The first Mishnah of Masechet Taharot discussing thirteen laws that apply to a neveilat ohf tahor. An ohf tahor refers to a bird of a kosher species. A neveilat ohf tahor refers to the carcass of such a bird that was not given a valid shechita. It was necessary for the Mishnah to outline all these laws because the way in which this bird is a source of tumah is unique. Indeed, the Gemara (Zevachim 70a) comments that neveilat ohf tahor is a chidush (novel). Most striking way is that, under normal circumstances, it cannot transfer tumah at all – not when carried (masa) and not even by direct contact (maga). It is only once a kezayit of the bird is consumed and it is in the beit ha’beliya (gullet) that the person and anything he is contact with becomes tameh – he becomes a rishon le’tumah.
Rav Wolf (Mincha Tahora) analyses the neveilat ohf tahor. One of the questions he addresses is nature of the tumah transfer. There two potential ways of viewing it (as we have discussed in previous issues). The first is that there is a transfer of tumah. The bird is a source of tumah but is only capable of transferring tumah when it is in the gullet.1 Alternatively, the person is tameh by definition. In other words, the bird itself is not a source of tumah. Yet, the Torah decreed that when the bird is in the gullet a person, that person is tameh.
Rav Wolf provides a number of proofs that suggest that with respect neveilat ohf tahor, the latter understanding fits. Firstly, the beginning of masechet Keilim includes a list of the avot ha’tumah – sources of tumah. Amongst those absent from that list is the neveilat ohf tahor. This suggests that it is not a source of tumah in and of itself. Instead it must be eating it is defined as a new source of tumah.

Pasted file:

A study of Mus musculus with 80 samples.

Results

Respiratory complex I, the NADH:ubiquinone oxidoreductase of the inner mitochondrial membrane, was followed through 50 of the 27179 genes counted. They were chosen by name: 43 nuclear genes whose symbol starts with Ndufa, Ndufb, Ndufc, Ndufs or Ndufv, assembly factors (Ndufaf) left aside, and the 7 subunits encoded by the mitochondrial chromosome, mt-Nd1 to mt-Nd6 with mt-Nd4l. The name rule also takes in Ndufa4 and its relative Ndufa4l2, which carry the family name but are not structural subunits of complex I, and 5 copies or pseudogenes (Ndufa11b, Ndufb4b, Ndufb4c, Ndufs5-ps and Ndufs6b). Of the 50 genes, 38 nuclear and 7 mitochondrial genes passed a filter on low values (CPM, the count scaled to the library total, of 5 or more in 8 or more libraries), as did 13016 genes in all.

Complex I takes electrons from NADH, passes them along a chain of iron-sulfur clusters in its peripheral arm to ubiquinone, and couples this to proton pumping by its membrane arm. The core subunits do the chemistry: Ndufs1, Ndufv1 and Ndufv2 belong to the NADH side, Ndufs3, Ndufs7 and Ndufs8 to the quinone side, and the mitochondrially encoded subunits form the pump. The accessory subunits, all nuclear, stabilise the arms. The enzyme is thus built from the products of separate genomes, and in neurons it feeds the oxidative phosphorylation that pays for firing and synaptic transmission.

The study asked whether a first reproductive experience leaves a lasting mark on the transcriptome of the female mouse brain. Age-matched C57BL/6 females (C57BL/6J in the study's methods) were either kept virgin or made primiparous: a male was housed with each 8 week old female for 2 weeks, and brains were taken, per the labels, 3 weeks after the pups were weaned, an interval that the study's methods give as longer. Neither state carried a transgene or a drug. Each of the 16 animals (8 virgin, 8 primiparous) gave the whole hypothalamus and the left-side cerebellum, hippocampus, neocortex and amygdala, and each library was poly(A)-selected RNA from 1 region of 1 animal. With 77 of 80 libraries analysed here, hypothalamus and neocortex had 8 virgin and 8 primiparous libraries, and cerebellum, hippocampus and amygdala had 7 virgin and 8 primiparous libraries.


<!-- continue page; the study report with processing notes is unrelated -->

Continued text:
A similar proof is found in the Mishnah (Ohalot 13:5-6) that lists those items that can act as separation for tumah; more specifically, those items that can reduce the size of a window preventing tumat met from transferring through. Even though, something that is tameh cannot reduce the size, neveilat ohf tahor is listed.
In Keilim (17:14) the Mishnah taught that there is no tumah found in those things created on the fifth day. Since birds were created on that day, the Rishonim question the Mishnah’s statement. The Rash addresses the questions by answering that the Mishnah’s focus is on keilim constructed from the things created on those day. The Rambam however answers that neveilat ohf tahor is a chidush and does not transfer by way of contact. Rav Wolf suggests that the Rambam is consistent with our second understanding above.
The final proof Rav Wolf provides is found in another debate. The Gemara (Nida 42b) discusses whether the beit ha’bliya is consider beit ha’starim (concealed) or balua (absorbed). The difference is that tumat masa but not tumat maga applies to beit ha’starim whereas no tuma applies to a place that is balua. The Gemara records that Rava holds the first understanding while Abaye maintains the latter. According to Abaye, if it is a makom balua and no tumah transfer can apply, how does he explain neveilat ohf tahor? The answer, suggests Rav Wolf, is that there is no transfer and transfer is unnecessary. According to Abaye, tumat neveilat ohf tahor is by definition. The person becomes tameh since he fits the criteria of a person eating a neveilat ohf tahor.
1 Rabbi Wolf suggests that there are two different possibilities to understand the transfer as well. Either it is a standard transfer by way of maga or masa, albeit limited to that region. Alternatively, there is a new type of transfer unique to nevielat ohf tahor.